The Washington Post reports on discussion in the U.S. House concerning children’s online privacy protections:
House lawmakers on Wednesday debated proposed updates to the Children’s Online Private Protection rules, the government’s first effort to tweak 12-year-old laws to better apply to the proliferation of new mobile devices and Internet applications being used by children.
The House Commerce, Manufacturing and Trade Subcommittee debated recommendations by the Federal Trade Commission that Web firms be required to seek greater permissions from parents to collect information about children under the age of 13. […]
The FTC has recommended rules that companies must first get parents’ permission to collect information on a child’s whereabouts, or geo-location — a practice widely used by Web giants Google, Facebook and other firms on mobile devices.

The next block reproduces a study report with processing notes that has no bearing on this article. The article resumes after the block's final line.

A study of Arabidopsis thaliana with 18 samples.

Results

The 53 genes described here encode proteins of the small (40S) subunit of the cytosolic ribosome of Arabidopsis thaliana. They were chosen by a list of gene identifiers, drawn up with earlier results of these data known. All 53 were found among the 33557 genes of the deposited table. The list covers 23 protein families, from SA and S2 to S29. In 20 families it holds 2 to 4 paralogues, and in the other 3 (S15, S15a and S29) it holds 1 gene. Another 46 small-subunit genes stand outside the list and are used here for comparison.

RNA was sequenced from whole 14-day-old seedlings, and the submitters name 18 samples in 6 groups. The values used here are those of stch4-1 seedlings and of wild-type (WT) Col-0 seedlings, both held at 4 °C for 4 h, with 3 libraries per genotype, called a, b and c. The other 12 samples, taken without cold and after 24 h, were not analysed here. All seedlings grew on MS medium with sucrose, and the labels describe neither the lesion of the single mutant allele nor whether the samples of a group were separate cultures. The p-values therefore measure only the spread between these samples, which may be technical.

The FTC also said Web sites should seek parental consent before tracking children online through cookies and other technologies for purposes outside the operations of the Web site. Parents would also have to give permission for the collection of photos and videos that identify a child, according to the FTC’s recommendation. […]
Among legislative proposals, one by Reps. Ed Markey (D-Mass.) and Joe Barton (R-Tex.) would prevent the tracking of children online. But some companies have balked that the law requires an eraser button for children’s information that would be difficult to pull off technologically.
Even as lawmakers, child privacy advocates and companies debated potential new rules, most agreed that the rush of children onto the Web presents anxieties for parents who find it difficult to navigate companies’ privacy and safety features.